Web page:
Brittany Jordan


What started as a call to fund and defend a nation against an invasion from a dangerous dictator, however, quickly morphed into a quest to undermine the Russian regime by whatever means necessary including ordering NATO warplanes to shoot down Russian aircraft and issuing full-blown declarations of war.

A majority of Americans do not want the U.S. to go to war with Russia over Ukraine. Recent polling from The Washington Post and ABC News suggests that 72 percent of U.S. adults “oppose the United States taking direct military action against Russian forces.” Even in the early days of the overseas conflict, only 17 percent of Americans were willing to “risk a direct war between the U.S. and Russia” to “do whatever it can to help Ukraine.”

Congress has yet to vote to officially authorize acts of war against Russia, but that hasn’t stopped some of the most high-ranking officials in the U.S., from President Joe Biden and sitting members of Congress to intelligence agencies and even institutions such as the corporate media, from promoting a clash in Eastern Europe.

Just this week, sitting Rep. Seth Moulton, D-Mass., admitted that the United States is in a proxy war with Russia.

“At the end of the day, we’ve got to realize we’re at war. And we’re not just at war to support the Ukrainians. We’re fundamentally at war, although, it’s somewhat through proxy with Russia and it’s important that we win,” Moulton said.

Similarly, Sen. Lindsey Graham, R-S.C., claimed this week that “we can win this war on behalf of Ukraine.”

“There is no off-ramp in this war. Somebody is going to win and somebody is going to lose, and I hope and pray and do everything in my power to make sure Ukraine wins,” Graham said.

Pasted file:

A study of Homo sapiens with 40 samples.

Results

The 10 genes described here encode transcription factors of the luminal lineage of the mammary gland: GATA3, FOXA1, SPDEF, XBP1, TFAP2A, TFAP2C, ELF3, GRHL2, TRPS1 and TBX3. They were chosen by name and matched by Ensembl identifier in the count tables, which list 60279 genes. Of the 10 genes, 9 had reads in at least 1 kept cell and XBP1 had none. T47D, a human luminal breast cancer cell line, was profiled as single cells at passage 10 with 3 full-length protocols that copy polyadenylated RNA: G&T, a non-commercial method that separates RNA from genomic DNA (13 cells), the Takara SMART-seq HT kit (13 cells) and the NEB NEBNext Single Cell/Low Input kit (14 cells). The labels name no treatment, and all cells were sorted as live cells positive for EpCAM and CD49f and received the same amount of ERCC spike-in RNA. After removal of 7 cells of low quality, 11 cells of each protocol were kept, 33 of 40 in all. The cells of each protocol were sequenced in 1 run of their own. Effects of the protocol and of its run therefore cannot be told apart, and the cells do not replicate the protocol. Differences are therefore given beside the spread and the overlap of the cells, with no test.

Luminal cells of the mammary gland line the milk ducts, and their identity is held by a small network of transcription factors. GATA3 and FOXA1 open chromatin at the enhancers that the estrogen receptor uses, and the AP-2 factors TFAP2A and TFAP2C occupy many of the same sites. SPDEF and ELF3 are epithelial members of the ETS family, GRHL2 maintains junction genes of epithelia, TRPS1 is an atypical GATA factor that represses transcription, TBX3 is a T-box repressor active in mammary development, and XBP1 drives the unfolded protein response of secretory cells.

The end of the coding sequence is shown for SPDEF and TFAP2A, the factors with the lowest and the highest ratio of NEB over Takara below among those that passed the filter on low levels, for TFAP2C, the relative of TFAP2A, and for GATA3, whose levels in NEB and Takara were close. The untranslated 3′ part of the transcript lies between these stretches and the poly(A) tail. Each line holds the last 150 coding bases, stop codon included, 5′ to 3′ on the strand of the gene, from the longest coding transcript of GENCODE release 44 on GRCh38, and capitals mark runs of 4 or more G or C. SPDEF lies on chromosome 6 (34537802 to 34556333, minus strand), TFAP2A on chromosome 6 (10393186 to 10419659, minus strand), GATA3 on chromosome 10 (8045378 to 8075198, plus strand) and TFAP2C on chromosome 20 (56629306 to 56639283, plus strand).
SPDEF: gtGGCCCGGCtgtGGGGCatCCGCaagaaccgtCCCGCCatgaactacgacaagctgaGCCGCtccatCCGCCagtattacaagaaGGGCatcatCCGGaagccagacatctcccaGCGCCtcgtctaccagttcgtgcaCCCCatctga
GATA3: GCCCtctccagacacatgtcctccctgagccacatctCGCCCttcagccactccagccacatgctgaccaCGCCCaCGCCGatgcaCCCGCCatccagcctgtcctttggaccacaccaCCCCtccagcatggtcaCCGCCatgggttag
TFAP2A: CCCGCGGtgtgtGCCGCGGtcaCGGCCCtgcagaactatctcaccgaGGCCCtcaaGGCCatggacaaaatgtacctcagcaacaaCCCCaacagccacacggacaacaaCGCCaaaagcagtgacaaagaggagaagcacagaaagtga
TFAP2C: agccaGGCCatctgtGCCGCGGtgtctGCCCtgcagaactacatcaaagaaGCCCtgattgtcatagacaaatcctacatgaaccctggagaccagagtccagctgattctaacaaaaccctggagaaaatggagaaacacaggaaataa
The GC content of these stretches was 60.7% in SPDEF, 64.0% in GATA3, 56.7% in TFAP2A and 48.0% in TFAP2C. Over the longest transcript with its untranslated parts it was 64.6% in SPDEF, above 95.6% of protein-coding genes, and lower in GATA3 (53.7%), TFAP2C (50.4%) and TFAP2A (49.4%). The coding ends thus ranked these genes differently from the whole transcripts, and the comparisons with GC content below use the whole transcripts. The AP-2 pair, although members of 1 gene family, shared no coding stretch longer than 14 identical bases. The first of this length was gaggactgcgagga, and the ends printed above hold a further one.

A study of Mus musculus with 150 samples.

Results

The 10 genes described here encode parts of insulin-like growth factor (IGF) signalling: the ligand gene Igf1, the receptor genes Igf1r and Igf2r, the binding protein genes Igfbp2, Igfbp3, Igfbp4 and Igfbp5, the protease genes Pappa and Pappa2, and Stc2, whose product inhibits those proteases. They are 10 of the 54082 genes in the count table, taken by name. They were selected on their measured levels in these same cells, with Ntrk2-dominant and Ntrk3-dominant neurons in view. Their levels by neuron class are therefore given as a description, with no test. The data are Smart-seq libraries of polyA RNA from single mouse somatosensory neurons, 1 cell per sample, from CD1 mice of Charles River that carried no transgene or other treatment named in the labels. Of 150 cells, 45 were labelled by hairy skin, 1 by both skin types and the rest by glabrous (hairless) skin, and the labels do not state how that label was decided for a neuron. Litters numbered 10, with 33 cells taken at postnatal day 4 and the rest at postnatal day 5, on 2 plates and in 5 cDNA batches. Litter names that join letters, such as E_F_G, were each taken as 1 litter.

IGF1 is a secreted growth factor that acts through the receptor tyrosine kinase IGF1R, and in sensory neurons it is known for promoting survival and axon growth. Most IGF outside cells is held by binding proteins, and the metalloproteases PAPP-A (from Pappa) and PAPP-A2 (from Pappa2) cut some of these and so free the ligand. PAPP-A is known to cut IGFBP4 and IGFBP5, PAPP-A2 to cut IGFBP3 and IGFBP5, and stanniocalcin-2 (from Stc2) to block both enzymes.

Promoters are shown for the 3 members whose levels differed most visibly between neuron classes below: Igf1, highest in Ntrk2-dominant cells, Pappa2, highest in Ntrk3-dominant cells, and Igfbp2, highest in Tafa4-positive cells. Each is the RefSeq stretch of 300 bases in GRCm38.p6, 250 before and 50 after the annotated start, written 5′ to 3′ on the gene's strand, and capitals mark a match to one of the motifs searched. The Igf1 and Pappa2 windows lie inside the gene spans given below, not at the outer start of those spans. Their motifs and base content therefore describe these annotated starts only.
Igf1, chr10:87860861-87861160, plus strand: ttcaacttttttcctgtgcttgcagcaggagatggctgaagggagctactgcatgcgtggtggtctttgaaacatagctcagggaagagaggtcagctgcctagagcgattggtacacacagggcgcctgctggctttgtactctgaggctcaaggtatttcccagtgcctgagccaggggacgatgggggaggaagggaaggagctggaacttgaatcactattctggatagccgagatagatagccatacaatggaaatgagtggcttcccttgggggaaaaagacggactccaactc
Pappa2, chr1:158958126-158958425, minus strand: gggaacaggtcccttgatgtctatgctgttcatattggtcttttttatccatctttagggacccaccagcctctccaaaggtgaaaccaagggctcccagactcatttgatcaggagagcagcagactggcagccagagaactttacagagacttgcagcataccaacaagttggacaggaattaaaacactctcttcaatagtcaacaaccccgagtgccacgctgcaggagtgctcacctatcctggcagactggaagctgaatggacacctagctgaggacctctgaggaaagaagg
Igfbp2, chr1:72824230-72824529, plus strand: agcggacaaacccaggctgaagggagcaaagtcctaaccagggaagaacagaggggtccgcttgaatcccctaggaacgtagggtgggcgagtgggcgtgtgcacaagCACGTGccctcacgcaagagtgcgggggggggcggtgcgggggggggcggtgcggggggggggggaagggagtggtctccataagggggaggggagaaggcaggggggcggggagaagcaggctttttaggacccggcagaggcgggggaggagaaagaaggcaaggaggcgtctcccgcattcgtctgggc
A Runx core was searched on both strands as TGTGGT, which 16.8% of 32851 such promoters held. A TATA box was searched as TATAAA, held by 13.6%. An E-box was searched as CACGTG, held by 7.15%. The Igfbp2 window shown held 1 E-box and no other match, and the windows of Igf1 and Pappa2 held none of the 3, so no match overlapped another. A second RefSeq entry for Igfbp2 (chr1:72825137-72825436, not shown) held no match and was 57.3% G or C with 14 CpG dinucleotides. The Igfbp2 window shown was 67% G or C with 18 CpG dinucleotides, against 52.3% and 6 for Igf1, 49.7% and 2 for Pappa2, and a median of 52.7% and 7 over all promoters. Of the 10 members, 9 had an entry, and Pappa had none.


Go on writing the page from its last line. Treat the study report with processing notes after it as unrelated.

Graham’s march toward war has significantly increased in the last few months. In March, he called for the assassination of Putin by Russians to end the conflict.

“The only way this ends is for somebody in Russia to take this guy out,” Graham tweeted.


Even though some legislators haven’t engaged in the same kind of reckless rhetoric to promote war with Putin, they have fed into the escalation narrative by voting to forward the nation’s role in the conflict. On Tuesday, just weeks after authorizing $13.6 billion of aid money to Ukraine, the House of Representatives voted to send nearly $40 billion more to the Eastern European country.

Only 57 House Republicans and no Democrats voted against the spending package, which lacked regulation and specification.



Jordan Boyd is a staff writer at The Federalist and co-producer of The Federalist Radio Hour. Her work has also been featured in The Daily Wire and Fox News. Jordan graduated from Baylor University where she majored in political science and minored in journalism. Follow her on Twitter @jordanboydtx.


Brittany Jordan is an award-winning journalist who reports on breaking news in the U.S. and globally for the Federal Inquirer. Prior to her position at the Federal Inquirer, she was a general assignment features reporter for Newsweek, where she wrote about technology, politics, government news and important global events around the world. Her work has also appeared in the Washington Post, the South Florida Sun-Sentinel, Toronto Star, Frederick News-Post, West Hawaii Today, the Miami Herald, and more. Brittany enjoys food, travel, photography, and hoarding notebooks and journals. Her goal is to do more longform features journalism, narrative writing and documentary work, and to one day write a successful novel and screenplay.